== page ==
Ki Tavo

This week's reading is introduced with the topic of ‘Bikurim’, the mitzvah to bring the first fruits to the Beit Hamikdash (temple). The first fruits are brought from the seven species for which the Land of Israel is famous for – wheat, barley, grapes, figs, pomegranates, olives and dates.

When a landowner would notice that the first fruit of any of the aforementioned kinds started to ripen in his field or orchard, he would tie a thread around it and mark it as Bikurim. He would wait for all the different kinds of fruits to ripen and then takes them all together to the temple.

The mitzvah of Bikurim is a great example of the Jewish people’s efforts to beautify the mitzvot. Only a deep love for the mitzvah could transform the commandment ‘’to bring the first fruits to the Beis Hamikdash’’ into a glorious undertaking. It was a festive procession to Jerusalem, they would recite biblical scripture which was accompanied by music, and the first fruits were given to the Kohanim. It was a ceremony expressing recognition that it is G-d who guides the history of the Jewish People throughout all ages.

As well as the mitzvah of the ‘first fruits’ the Torah reading this week includes a mass number of blessings and curses which could befall the Jewish people if they keep or stay away from the Torah. The blessing and curses were initially pronounced at Mt Gerizim and Mt Aival, during Moshe’s last few days of life, six of the tribes stood at Mt Aival – Reuvain, Gad, Asher, Zevulin, Dan and Naftali and the other 6 tribes stood at Mt Gerizim – Shimon, Laivi, Yehuda, Yissachar, Yosaif and Binyamin.

This is one of two parshah's in the Torah which consists of many curses and blessings - we learned of many curses in parshat Bechukotai, and 98 curses are stated in this week’s reading.

However the difference between the two parshah’s is that in Parshat Bechukotai, the curses related to what was going to happen during the destruction of the first temple and this week’s reading relates mainly to curses that were fulfilled during the second temple destruction era.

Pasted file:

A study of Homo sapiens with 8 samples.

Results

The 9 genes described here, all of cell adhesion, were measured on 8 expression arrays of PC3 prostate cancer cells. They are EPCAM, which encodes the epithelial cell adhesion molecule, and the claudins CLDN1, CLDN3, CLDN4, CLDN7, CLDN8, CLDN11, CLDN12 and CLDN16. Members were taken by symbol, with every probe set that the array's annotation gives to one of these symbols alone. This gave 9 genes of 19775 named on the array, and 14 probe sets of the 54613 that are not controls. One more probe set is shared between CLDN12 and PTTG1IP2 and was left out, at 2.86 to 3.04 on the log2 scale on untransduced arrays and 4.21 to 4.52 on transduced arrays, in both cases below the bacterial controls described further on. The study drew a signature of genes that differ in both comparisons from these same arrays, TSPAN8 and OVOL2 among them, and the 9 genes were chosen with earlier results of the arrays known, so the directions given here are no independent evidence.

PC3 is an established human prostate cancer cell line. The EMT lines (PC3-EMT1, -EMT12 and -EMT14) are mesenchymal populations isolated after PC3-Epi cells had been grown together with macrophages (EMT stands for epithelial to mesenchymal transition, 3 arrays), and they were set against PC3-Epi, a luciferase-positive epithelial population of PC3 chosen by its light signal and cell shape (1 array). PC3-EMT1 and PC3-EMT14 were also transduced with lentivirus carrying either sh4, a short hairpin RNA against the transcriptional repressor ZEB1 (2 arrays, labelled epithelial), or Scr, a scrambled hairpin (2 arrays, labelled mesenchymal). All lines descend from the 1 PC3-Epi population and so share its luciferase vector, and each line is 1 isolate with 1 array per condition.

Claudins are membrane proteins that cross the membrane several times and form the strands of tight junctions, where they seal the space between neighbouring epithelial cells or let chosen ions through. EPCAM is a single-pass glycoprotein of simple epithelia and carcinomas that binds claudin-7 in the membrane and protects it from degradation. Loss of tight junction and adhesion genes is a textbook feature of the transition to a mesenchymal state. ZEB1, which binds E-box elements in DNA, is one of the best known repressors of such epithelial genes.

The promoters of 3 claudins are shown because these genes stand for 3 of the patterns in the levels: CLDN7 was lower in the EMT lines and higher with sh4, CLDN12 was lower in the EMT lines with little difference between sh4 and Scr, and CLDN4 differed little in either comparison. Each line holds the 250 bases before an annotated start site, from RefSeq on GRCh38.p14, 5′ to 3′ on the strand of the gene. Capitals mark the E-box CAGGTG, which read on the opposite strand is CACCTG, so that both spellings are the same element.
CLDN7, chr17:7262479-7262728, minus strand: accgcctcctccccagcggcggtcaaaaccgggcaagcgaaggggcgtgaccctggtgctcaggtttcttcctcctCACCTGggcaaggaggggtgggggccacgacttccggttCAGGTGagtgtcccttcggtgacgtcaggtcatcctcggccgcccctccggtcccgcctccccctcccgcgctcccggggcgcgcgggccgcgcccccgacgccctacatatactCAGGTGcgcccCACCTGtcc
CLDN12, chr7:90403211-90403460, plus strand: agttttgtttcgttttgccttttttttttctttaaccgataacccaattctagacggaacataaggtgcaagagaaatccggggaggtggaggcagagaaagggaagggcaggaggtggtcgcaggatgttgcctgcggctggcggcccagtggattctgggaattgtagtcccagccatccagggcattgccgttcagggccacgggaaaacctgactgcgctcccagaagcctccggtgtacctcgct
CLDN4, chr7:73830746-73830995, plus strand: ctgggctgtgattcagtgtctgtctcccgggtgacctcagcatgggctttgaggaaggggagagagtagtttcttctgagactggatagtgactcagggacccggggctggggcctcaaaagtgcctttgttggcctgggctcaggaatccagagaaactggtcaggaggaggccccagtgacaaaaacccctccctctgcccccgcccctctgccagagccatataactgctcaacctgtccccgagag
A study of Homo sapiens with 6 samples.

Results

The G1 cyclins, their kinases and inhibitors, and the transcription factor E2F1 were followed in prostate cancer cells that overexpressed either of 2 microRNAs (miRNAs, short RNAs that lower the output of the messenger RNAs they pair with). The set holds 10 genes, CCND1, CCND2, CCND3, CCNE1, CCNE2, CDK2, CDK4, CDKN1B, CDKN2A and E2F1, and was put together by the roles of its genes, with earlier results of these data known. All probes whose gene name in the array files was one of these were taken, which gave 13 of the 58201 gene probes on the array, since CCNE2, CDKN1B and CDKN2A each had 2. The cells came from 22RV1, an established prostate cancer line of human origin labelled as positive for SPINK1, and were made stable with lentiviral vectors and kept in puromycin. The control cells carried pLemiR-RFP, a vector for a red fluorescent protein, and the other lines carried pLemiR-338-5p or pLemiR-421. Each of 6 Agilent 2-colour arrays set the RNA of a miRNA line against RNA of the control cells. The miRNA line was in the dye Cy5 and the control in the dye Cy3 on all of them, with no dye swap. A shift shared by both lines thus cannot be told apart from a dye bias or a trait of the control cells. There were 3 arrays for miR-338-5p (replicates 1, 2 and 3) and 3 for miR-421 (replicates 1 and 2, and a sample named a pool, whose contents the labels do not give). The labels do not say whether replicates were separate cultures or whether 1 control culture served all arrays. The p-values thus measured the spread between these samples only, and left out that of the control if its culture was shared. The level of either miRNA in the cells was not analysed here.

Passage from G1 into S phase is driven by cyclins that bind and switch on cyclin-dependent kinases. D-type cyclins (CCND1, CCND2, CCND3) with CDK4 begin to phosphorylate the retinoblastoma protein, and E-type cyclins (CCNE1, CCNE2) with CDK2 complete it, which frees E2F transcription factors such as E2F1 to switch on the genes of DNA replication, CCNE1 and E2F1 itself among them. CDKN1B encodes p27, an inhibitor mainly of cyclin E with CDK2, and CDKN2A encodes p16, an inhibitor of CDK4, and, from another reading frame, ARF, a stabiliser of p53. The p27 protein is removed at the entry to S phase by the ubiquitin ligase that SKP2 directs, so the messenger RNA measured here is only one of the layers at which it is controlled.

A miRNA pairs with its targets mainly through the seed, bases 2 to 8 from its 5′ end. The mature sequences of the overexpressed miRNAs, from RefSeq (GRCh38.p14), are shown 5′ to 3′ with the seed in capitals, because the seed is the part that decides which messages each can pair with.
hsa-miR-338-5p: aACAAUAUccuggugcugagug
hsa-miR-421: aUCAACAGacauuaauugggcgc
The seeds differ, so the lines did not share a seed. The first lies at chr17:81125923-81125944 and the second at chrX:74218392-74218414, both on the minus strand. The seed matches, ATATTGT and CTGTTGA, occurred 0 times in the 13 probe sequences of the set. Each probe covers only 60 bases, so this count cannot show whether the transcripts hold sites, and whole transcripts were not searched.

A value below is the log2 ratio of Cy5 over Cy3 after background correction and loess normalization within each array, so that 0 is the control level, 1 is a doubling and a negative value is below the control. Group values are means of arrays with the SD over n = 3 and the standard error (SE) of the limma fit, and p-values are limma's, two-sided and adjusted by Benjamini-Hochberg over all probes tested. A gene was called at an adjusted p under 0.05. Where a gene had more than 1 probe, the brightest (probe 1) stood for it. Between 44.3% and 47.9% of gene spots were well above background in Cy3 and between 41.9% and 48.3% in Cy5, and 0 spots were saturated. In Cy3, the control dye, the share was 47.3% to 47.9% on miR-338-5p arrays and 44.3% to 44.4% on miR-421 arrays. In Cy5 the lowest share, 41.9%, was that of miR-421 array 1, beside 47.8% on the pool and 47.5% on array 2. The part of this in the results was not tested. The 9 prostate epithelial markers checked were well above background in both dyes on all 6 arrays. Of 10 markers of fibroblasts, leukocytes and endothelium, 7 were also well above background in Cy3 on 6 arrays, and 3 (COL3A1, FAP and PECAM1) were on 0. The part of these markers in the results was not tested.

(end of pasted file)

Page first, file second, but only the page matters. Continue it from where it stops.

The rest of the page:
Earlier on in the parshah, the Torah relates the mitzvah of the inscribing of the Torah on large stones when the Jewish people were to enter in the land of Israel. This actually happens and is related in the book of Joshua.

By G-d’s commandment, Moshe set up twelve large stones and had the Torah inscribed on them in seventy languages. This teaches us that whatever language one is familiar to, they can still occupy much time learning Torah! Wherever any Jew goes in life, they always take the Torah with them and the mitzvot required to be kept!!

In fact, in the book of Joshua, we see how the Torah was inscribed in seventy different languages on 12 stones in the area of ‘Gilgal,’ this was to be the Jews first station in the land of Israel.

The parshah concludes with Moshe re-emphasizing that G-d performed all the miracles in Egypt and in the wilderness to motivate the Jews to keep the Torah.

The Haftorah in this week’s torah reading comes from the book of Isaiah chapter 60. As Ellul is continuing it is a time for the Jews to do Teshuva and improve themselves in all areas of life needed.

THis week's Dvar Torah is dedicated to Ahuva Bat Chiryah Chaya  to make a full refuah shelaima.